Sociology | Sociological Theory
S540 | 4149 | Gieryn


This is the boring old required graduate theory survey, in which
students are forced to ponder conceptual abstractions that have
nothing to do with why they chose sociology as a career and that are
completely useless when it comes time to write the Big D...

NEVER!  This class will be a valiant (possibly foolhardy) attempt to
make social theory not only interesting but useful for students
entering careers of teaching and doing research in sociology.  How?
Our vision throughout the semester will be presentist: that is, we
shall focus our attention on the theoretical choices facing
sociologists today.  Now, perhaps more so that at any other moment in
the history of our discipline, it is essential to keep asking the
question: how shall I do sociology?  The question is difficult not
because answers are scarce, but because there are so many answers to
choose from.  Frankly, I celebrate the diversity of sociologists on
the menu these days; tired formulas are not why I chose this line of
work.

Have no fear: the greats will be covered.  But our presentist focus
will have us read the Holy Trinity (M, D and W) not as intellectual
history but as resources for doing sociology in the new millennium.
The classics offer a legacy of concepts, explanations,
interpretations and methodologies, from which we must pick and choose
the parts useful for the agenda each of us has set.  But, by the end
of February, we'll quite the antiquities and move on -- over half the
semester will be spent on social theory since WWII.  Once upon a
time, our predecessors chose among Marxism, functionalism and
symbolic interactionism (and we'll certainly look at each if those);
today, we face the bewildering array of post-modernism, critical
theory, rational choice, feminism, constructivism and neo-positivism,
There is no mainstream any more in social theory, just many babbling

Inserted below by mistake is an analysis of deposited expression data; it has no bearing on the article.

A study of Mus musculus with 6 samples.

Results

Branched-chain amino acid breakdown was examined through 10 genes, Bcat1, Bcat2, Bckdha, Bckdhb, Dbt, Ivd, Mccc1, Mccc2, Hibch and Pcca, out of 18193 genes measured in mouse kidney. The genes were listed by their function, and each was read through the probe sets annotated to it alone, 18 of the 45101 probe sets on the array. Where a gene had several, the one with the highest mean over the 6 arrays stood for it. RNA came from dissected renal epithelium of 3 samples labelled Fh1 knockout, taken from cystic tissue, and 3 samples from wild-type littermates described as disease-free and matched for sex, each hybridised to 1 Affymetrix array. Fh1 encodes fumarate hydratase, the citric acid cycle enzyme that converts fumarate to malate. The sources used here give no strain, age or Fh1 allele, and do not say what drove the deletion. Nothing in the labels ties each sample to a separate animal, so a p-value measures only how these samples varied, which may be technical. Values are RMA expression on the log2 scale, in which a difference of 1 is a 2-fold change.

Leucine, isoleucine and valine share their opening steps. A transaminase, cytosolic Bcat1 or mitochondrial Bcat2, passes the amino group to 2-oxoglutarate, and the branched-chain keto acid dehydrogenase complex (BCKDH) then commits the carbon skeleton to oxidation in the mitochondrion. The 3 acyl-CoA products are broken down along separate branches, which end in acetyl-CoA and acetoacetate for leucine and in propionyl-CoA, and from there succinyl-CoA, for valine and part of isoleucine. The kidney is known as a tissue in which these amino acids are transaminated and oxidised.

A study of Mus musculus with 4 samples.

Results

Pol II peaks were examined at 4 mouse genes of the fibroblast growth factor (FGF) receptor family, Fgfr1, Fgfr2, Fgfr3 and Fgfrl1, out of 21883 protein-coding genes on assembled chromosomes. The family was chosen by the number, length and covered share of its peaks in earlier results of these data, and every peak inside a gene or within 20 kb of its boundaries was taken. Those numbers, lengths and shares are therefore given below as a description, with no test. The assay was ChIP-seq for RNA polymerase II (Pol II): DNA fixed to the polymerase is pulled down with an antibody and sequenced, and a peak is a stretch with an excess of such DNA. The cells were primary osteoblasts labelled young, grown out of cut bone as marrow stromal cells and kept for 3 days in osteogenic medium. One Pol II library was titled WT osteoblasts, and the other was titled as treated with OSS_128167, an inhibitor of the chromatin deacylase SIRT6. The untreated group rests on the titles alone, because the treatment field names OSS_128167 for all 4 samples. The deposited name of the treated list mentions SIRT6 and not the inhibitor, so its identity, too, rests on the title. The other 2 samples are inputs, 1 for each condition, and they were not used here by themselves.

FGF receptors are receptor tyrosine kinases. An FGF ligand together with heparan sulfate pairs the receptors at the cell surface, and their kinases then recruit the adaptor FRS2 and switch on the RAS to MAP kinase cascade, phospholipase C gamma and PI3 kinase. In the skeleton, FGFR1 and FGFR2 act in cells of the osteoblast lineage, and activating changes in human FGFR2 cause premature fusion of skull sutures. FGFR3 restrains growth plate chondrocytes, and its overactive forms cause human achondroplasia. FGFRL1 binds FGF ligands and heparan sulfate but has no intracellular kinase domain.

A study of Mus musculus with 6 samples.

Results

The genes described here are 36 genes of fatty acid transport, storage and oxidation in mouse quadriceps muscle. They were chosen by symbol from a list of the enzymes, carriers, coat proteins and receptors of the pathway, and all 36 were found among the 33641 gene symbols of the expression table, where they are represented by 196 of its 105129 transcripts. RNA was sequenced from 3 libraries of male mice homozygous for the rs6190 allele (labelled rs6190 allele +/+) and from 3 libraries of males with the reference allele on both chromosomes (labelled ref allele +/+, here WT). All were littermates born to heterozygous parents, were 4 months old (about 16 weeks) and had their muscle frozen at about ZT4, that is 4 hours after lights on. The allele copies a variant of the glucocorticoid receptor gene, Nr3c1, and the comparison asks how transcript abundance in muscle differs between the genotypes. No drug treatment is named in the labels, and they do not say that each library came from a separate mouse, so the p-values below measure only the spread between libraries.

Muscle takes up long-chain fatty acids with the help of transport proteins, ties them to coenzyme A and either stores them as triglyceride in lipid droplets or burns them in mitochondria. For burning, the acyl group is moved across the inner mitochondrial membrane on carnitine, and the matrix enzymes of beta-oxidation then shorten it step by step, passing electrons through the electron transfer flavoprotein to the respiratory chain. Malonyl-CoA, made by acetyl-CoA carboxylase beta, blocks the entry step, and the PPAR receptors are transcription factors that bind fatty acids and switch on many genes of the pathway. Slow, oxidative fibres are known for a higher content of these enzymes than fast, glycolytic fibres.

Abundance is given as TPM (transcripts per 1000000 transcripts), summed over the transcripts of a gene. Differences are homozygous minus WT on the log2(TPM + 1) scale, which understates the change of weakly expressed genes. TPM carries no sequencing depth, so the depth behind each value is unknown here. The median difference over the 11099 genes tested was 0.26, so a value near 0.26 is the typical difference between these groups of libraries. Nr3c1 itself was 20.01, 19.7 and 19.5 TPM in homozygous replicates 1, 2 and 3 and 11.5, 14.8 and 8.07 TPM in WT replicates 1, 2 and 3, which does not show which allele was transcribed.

brooks.

What are the contentious theoretical issues that face us now?  Here
are some questions, old and new, that sociology will continue to
answer in different ways: what is scientific sociology, or is that an
oxymoron?   how are politics related to intellectual inquiry?  if you
choose micro units of analysis, how do you then deal with the macro
(and vice versa)?  how are structure and agency linked?  is culture
something we should leave to anthropologists? is the demarcation
social organization / social psychology (ossified in the curriculum
of this Department) a dusty impediment to good sociology?  is
reductionism inevitable?  who, besides sociologists, does sociology?
is it desirable to explain?  whatever shall we do with the non-human,
or the non-social?  is nomothetic knowledge dangerous?

At the end of the semester, each of us should be able to answer these
questions (and others) in an informed, principled way, drawing on our
readings of how other smart social theorists answered them.  Of
course it's impossible to do this in fifteen weeks that overlap
basketball season; but if we at least get close, maybe the Department
will recognize the need for a two-semester required sequence in
social theory.

The size of this class will be restricted to a manageable number of
participants, and preference for admission is given to students
enrolled in the graduate program in Sociology.